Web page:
PS3 vs. 360 face-off.

Dark blue icons of video game controllers on a light blue background
Image credit: Eurogamer

Oh, Michael. How you are missed. You had so much to give, just like your dear friend Princess Diana, who taught us that it's OK to devote your life to landmines and homelessness and own a wardrobe full of £10,000 frocks.

Just as Diana is still remembered through the mediums of jam and frightening dollies, so Michael Jackson's legend lives on through dull films, endless albums and, of course, good old video games. Johnny's already reviewed Michael Jackson: The Experience for Wii, and now here come the PS3 and Xbox 360 versions.

But are they any good, or just Bad? Oh God.

The PS3 Experience

Let's start with the PlayStation 3 game. It's pretty similar to the Wii version in terms of both style and content. There are no proper music videos – you copy Just Dance-style motion-captured avatars as they gyrate about in front of naff animated backgrounds.

The Michael Jackson avatar is a bit weird, with his pale face and strange black holes where his eyes, nose and mouth should be. I am too tired from playing Michael Jackson: The Experience to type out the rest of this joke.

There are 30 songs on the disc and the selection is decent, ranging from the likes of Bad and Billie Jean (hooray) to Heal the World and Earth Song (oh dear) and lesser-known tracks such as In the Closet (do you think he was trying to tell us something). Both the Kinect and PS3 versions feature two tracks which were not included on the Wii disc – Blood on the Dance Floor and Stranger in Moscow. No idea.

As with the Wii game, you hold the controller (Move in this case) in your right hand and groove away, scoring points according to how closely you copy the moves on-screen. Or rather, in reality, scoring points according to how well you can wave your right arm about. Even if you plug in a PlayStation Eye, you're not really being judged on your full-body movement.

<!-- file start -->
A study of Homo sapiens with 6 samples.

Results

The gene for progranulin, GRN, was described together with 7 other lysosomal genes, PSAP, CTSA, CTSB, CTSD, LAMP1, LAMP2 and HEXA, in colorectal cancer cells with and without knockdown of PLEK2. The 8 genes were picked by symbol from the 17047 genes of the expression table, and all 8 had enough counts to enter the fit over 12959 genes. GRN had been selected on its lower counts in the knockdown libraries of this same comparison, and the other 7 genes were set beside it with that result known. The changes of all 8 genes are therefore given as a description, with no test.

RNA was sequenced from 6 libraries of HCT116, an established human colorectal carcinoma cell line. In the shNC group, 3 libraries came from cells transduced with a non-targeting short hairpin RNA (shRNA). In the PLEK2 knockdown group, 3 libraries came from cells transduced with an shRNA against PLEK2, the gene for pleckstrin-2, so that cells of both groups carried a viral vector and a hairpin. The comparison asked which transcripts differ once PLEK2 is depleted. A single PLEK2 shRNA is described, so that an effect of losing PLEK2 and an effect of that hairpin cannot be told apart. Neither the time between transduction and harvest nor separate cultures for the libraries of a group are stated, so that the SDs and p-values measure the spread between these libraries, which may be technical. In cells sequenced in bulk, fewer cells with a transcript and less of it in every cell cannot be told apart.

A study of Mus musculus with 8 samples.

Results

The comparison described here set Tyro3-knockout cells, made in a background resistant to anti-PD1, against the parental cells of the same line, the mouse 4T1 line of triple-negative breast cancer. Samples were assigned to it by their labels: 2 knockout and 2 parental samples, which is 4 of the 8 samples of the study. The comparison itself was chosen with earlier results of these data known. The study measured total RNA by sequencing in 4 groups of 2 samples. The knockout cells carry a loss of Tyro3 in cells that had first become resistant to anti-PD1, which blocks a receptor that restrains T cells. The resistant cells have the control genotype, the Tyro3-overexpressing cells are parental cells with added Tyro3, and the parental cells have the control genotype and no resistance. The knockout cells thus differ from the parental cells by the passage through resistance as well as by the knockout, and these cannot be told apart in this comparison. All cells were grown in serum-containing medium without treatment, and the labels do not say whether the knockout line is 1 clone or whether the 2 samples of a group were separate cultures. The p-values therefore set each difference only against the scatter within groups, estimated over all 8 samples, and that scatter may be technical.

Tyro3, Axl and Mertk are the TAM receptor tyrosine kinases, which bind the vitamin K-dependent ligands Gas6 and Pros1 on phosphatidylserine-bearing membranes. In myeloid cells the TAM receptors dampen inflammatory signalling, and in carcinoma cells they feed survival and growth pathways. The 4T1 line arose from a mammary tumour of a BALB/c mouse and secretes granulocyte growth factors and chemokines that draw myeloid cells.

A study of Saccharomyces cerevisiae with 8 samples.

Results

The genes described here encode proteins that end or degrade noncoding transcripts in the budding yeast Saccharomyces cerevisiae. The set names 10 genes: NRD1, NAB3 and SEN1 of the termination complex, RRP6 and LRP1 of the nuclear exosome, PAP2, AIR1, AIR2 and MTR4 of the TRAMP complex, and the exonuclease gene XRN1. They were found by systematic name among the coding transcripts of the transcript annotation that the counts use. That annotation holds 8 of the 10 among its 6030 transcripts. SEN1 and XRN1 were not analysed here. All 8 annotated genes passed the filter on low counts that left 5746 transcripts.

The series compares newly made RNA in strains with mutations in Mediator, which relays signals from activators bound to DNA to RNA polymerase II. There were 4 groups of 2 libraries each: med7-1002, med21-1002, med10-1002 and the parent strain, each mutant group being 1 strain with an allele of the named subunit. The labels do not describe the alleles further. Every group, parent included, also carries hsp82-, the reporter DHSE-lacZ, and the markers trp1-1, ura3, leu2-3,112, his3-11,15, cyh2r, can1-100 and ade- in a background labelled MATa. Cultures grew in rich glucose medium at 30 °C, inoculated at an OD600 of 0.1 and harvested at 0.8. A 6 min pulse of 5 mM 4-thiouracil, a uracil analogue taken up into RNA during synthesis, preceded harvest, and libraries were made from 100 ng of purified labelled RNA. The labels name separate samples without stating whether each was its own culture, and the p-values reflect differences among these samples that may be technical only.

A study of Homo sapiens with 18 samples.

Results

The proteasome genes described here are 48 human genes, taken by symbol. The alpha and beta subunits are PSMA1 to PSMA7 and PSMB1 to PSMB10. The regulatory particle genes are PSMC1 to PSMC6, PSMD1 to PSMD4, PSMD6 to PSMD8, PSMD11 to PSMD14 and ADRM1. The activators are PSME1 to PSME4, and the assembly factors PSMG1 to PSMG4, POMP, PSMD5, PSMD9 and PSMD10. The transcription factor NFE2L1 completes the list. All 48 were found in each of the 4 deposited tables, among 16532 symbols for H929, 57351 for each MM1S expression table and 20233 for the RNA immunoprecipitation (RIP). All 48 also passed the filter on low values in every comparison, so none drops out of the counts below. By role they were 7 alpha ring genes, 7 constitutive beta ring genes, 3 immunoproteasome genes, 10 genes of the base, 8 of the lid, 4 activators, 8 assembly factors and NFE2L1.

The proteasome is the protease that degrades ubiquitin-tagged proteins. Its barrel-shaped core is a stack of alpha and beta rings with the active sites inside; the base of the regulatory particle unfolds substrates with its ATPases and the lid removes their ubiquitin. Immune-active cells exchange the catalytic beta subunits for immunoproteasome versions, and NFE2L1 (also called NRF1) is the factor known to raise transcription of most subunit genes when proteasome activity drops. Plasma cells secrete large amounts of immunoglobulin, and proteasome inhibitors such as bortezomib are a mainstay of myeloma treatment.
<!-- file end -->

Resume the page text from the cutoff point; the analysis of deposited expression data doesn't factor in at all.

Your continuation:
It's still worth digging out that camera, though. It'll randomly take snapshots of you as you dance, and capture a 30-second video of your performance. You can upload the photos to Facebook direct from your PS3. You can't do the same thing with the videos, although you can copy them to your PC's hard drive and upload from there.

This is one advantage the PS3 game has over the Wii version (and the 360 one – more on that later). But it's a shame that once again, there's no option to buy additional Jacko songs online.

Come on now, even Just Dance 2 has got a shop. We can only assume the absence of one here is down to the Michael Jackson Estate's noble dedication to preventing any attempts to cash in on the singer's legacy.

It's also disappointing that Ubi hasn't bothered to take advantage of the PS3's additional disc space and processing power by including any decent extras, such as music videos or concert footage. In fact, the unlockables, which you access by winning Trophies, are laughable.

I discovered this when a message popped on screen to tell me I had unlocked "Michael's Awards". I excitedly navigated over to the Extras menu. I was rewarded with a photo of MJ in silhouette and the message, "Michael has more awards than any other artist. Press X to continue." I pressed X. The message disappeared. The photo got slightly bigger. The end.